Tories’ anti-democracy push gets help

The push by Conservative senators to amend Stephen Harper’s elections act had all the elements of a marvelous yarn. The unelected senators had taken their revenge, biting back and riding in on their white steed to save democracy, showing their relevancy and putting the government on its heels.

The push by Conservative senators to amend Stephen Harper’s elections act had all the elements of a marvelous yarn.

The unelected senators had taken their revenge, biting back and riding in on their white steed to save democracy, showing their relevancy and putting the government on its heels.

Unfortunately, it is nonsense.

What Conservative senators have really done is give the government cover to suddenly shift course, drop their bullying demeanour and pretend to be reasonable and conciliatory, then go ahead and pass a deeply flawed bill with nothing more than cosmetic tweaks.

As Craig Scott, the New Democrat’s democratic reform critic put it: “They’re putting lipstick on two pigs —themselves and this bill.’’

Conservatives have already won the early communications battle over this bill by focusing on the vouching question, leaving the other problems with the legislation floating through the Ottawa bubble.

The two opposition parties have been unable to succinctly explain to Canadians why the proposed legislation stacks the deck in favour of the Conservatives and hurts democracy in this country.

That adds to the odds that somehow the proposed amendments will be given more weight than they are worth, wrapping this saga up with a nice bow, as the Senate flexes its muscle and the Harper government feigns flexibility.

Like so much in Ottawa, this is less than meets the eye.

The most serious amendment is the one that would kill a provision lifting limits on what parties could spend on election fundraising from donors over the past five years, a move critics said would benefit richer parties like the Tories.

But the senators would only “clarify” Elections Canada’s new reduced role of promoting voting so it can still go into schools with get-out-the-vote efforts. They would not go beyond that.

They would also only extend the retention of robocall records to three years from the proposed one, still well short of a complete election cycle.

They would still allow victorious parties to appoint poll supervisors and they do nothing to fully restore vouching, where one voter can confirm the right to vote of another.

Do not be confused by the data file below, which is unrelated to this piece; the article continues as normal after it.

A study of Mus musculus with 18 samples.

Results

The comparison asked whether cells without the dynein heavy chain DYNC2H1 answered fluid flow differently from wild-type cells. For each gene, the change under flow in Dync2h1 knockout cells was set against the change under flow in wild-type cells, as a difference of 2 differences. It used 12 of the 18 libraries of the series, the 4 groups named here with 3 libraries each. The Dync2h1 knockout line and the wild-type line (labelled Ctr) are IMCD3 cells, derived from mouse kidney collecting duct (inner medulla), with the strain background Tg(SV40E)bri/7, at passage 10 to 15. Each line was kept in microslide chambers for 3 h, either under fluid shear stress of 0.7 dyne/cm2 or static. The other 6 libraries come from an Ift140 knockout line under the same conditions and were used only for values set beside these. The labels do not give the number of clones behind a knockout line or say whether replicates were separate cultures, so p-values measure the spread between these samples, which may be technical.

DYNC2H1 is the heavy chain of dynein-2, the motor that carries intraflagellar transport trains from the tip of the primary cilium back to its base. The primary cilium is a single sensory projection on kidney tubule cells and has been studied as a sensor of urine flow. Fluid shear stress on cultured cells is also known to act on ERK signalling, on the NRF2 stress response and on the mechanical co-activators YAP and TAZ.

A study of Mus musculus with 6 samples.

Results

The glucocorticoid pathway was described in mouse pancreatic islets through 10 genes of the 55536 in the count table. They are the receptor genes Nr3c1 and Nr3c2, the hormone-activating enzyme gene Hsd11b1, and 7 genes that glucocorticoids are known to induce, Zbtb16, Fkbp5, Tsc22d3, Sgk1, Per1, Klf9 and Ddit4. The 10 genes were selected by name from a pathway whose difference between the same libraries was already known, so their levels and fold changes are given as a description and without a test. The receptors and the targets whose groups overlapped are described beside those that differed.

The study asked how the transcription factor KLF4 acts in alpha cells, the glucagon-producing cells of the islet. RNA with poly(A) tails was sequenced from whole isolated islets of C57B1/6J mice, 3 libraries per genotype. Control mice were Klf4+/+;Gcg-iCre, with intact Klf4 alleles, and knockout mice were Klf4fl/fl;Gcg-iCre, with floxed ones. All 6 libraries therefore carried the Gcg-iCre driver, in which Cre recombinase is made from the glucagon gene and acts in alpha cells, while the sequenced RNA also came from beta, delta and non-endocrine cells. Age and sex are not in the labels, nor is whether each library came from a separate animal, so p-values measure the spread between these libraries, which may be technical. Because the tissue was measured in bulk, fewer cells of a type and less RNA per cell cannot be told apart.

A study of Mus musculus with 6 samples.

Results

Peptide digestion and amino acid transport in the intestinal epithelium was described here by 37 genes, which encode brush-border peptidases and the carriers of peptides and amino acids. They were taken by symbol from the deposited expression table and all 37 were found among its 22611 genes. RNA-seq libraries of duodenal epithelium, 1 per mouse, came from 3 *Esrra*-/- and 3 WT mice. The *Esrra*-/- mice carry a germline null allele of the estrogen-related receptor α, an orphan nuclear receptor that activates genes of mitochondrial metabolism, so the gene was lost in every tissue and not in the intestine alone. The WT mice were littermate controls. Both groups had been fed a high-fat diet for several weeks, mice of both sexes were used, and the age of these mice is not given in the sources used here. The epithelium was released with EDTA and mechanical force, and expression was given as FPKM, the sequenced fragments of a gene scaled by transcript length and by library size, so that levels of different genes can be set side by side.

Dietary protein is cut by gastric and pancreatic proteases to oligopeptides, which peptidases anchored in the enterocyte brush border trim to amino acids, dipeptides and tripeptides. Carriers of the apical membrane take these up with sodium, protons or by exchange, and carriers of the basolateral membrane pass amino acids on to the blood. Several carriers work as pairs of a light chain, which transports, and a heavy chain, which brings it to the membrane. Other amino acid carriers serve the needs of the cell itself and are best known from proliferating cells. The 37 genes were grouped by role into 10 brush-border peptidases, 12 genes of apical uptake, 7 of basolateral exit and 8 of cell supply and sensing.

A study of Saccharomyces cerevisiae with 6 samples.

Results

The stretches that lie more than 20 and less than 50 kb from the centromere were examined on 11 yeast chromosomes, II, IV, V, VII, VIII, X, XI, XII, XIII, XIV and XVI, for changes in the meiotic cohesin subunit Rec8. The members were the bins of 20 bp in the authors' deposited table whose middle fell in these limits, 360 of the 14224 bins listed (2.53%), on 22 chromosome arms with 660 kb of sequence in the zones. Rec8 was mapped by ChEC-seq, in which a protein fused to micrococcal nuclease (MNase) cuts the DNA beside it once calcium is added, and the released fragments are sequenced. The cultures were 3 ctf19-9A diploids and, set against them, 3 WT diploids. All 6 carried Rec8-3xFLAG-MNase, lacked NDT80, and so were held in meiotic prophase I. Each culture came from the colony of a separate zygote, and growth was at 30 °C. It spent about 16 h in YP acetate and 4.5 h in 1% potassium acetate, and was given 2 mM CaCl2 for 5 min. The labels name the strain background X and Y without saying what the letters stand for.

Forcing First Nations, homeless shelters and old age homes to provide addresses if asked and allowing e-bills to be presented as valid proof of residence are only half-steps.

They do nothing to compel testimony for the Elections Commissioner during investigations, something all parties agreed to in a vote two years ago.

New Democrats can name you six wobbly Tories who they believe can be shamed into voting against the bill. It is hard to imagine, however, 12 brave Conservatives bucking the party on a signature legislation.

Better to latch on to a hodge-podge series of weak amendments as an artificial show of good faith and save your political career.

The Conservatives already know that four Canadians in 10 don’t vote, six in 10 in the age category 18 to 25 didn’t vote in 2011 and that swath of the electorate is paying no attention to the legislation. They believe opposition to the bill rests with a noisy, but irrelevant (to them) segment of the population that would not vote Conservative anyway.

They believe opposition MPs are hearing from constituents because the act has become the latest vessel for anti-Harper sentiment but once passed, opposition criticism will simply sound as so much bleating from losers.

They maintain their MPs are not hearing from voters in their ridings.

The Senate has given them the cover they need to try it all again.

It is still up to the elected opposition to push back.

Tim Harper is a syndicated Toronto Star national affairs writer. He can be reached at tharper@thestar.ca.